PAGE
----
Robert Louis Stevenson adapted by Theresa Heskins
New Vic Theatre
New Vic Theatre, Newcastle-under-Lyme
From 18 November 2017 to 27 January 2018
Review by Steve Orme
Many people look forward to the annual festive show at Newcastle-under-Lyme’s New Vic whether it has a Christmassy feel or is merely a dramatic story.
The Staffordshire theatre-in-the-round does not shy away from presenting something slightly unusual. In 2014 it was rewarded with a “memorable” production of The Borrowers by Mary Norton and the previous year showed it was not barking up the wrong tree with a “pedigree” version of Dodie Smith’s The Hundred and One Dalmatians.
One of the common factors of all New Vic Christmas shows is the theatre’s artistic director Theresa Heskins. She adapts and directs each one, often gaining nominations for best show for children and young people in the UK Theatre awards. Her 2016 production, Hans Christian Andersen’s The Snow Queen, won that particular category although I felt it did not have the magic of some of her previous festive successes.
Another constant ingredient is a talented cast of actor-musicians. In Treasure Island, there are 13 of them, nine of them appearing on the New Vic stage for the first time. All show commendable enthusiasm and vigour.
In the programme for Treasure Island, Heskins admits Stevenson’s novel was not high on the list of works that she wanted to adapt. But schools were consulted about what they would like to see on stage and their “resounding” answer was buccaneers and buried gold.
Heskins also reveals she enjoyed rehearsing Treasure Island more than any other Christmas show.
Why should that be? Well, Treasure Island is a gripping story. It’s packed with action and adventure. And the pantomimic elements, such as Long John Silver hopping around on one leg and pirates shouting “ooh arr” at every opportunity, have been jettisoned and replaced with boisterous sword fights, betrayals and surprises in the search for buried treasure.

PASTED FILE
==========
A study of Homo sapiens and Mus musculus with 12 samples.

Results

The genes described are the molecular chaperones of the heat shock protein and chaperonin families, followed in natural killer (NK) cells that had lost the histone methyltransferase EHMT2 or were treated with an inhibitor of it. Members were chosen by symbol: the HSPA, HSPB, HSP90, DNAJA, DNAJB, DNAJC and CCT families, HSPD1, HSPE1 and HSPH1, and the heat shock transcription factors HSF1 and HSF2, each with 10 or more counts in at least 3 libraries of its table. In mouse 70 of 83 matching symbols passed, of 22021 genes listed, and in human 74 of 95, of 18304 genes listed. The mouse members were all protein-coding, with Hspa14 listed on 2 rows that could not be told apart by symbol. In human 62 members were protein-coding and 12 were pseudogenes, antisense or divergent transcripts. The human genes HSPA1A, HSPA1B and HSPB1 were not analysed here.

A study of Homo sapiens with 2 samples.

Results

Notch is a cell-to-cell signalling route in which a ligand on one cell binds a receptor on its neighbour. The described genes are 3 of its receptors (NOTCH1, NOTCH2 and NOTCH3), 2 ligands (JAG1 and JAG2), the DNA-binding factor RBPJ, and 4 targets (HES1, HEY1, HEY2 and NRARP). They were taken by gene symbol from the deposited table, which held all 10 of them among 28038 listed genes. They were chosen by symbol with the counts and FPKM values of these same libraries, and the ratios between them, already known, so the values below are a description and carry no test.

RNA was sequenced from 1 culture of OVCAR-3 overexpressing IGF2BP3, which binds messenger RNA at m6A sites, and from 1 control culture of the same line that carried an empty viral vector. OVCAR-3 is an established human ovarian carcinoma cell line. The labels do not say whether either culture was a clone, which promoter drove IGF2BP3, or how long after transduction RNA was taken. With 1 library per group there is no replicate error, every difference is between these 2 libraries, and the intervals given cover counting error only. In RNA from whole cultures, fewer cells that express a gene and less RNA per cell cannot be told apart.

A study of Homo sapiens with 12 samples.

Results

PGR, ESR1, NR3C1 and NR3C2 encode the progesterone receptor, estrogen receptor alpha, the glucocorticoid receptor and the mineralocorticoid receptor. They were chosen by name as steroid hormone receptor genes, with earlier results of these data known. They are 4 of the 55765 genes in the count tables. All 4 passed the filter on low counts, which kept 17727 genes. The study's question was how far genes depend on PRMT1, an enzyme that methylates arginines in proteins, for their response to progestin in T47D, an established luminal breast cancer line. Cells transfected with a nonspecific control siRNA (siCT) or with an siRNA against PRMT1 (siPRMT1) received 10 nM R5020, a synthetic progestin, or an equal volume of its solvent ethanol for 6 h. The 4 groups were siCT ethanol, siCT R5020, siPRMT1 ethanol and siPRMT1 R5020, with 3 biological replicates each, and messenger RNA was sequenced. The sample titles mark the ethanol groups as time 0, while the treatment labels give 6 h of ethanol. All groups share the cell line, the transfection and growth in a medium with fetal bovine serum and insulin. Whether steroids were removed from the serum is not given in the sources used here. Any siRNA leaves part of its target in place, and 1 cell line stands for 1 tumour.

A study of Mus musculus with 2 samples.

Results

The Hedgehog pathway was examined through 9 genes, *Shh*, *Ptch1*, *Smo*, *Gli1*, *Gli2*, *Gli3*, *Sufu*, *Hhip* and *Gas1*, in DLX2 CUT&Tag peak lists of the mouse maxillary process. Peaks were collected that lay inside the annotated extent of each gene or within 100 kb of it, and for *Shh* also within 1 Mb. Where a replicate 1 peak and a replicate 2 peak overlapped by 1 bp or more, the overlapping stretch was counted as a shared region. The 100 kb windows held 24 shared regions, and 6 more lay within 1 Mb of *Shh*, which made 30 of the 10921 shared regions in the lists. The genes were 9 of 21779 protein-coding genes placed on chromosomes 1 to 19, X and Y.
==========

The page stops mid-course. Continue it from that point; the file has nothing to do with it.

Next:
The New Vic’s customary inventiveness, attention to detail and assured staging add up to another successful production.
Although it is an ensemble piece, two actors leave a lasting impression. Nisa Cole shines as Gem—changed from Jim Hawkins in Stevenson’s original—while Tom Peters is suitably enigmatic as Long John Silver whose motives are often suspect.
My grandchildren were enraptured throughout, with eight-year-old Toby enthralled with scenes in which actors climbed up and down the rigging of the Hispaniola while six-year-old Holly was spellbound by the ending as the treasure is unveiled in all its glory.
Much of that is down to set designer Laura Willstead and aerial consultant Graeme Clint who are a good match for Stevenson’s imagination and vision.
The production is enhanced by James Atherton’s atmospheric music. Some of it stays with you after you have left the theatre, partly because of the way in which it is played stirringly and confidently by the cast.
Treasure Island will go down in the annals as a superbly acted, well staged production that could be presented at any time of year. My reservation is that it may not be for everyone. Its appeal might be limited for the fairer sex even though there is a modicum of gender realignment, and its complicated plot might just be too involved for very young children.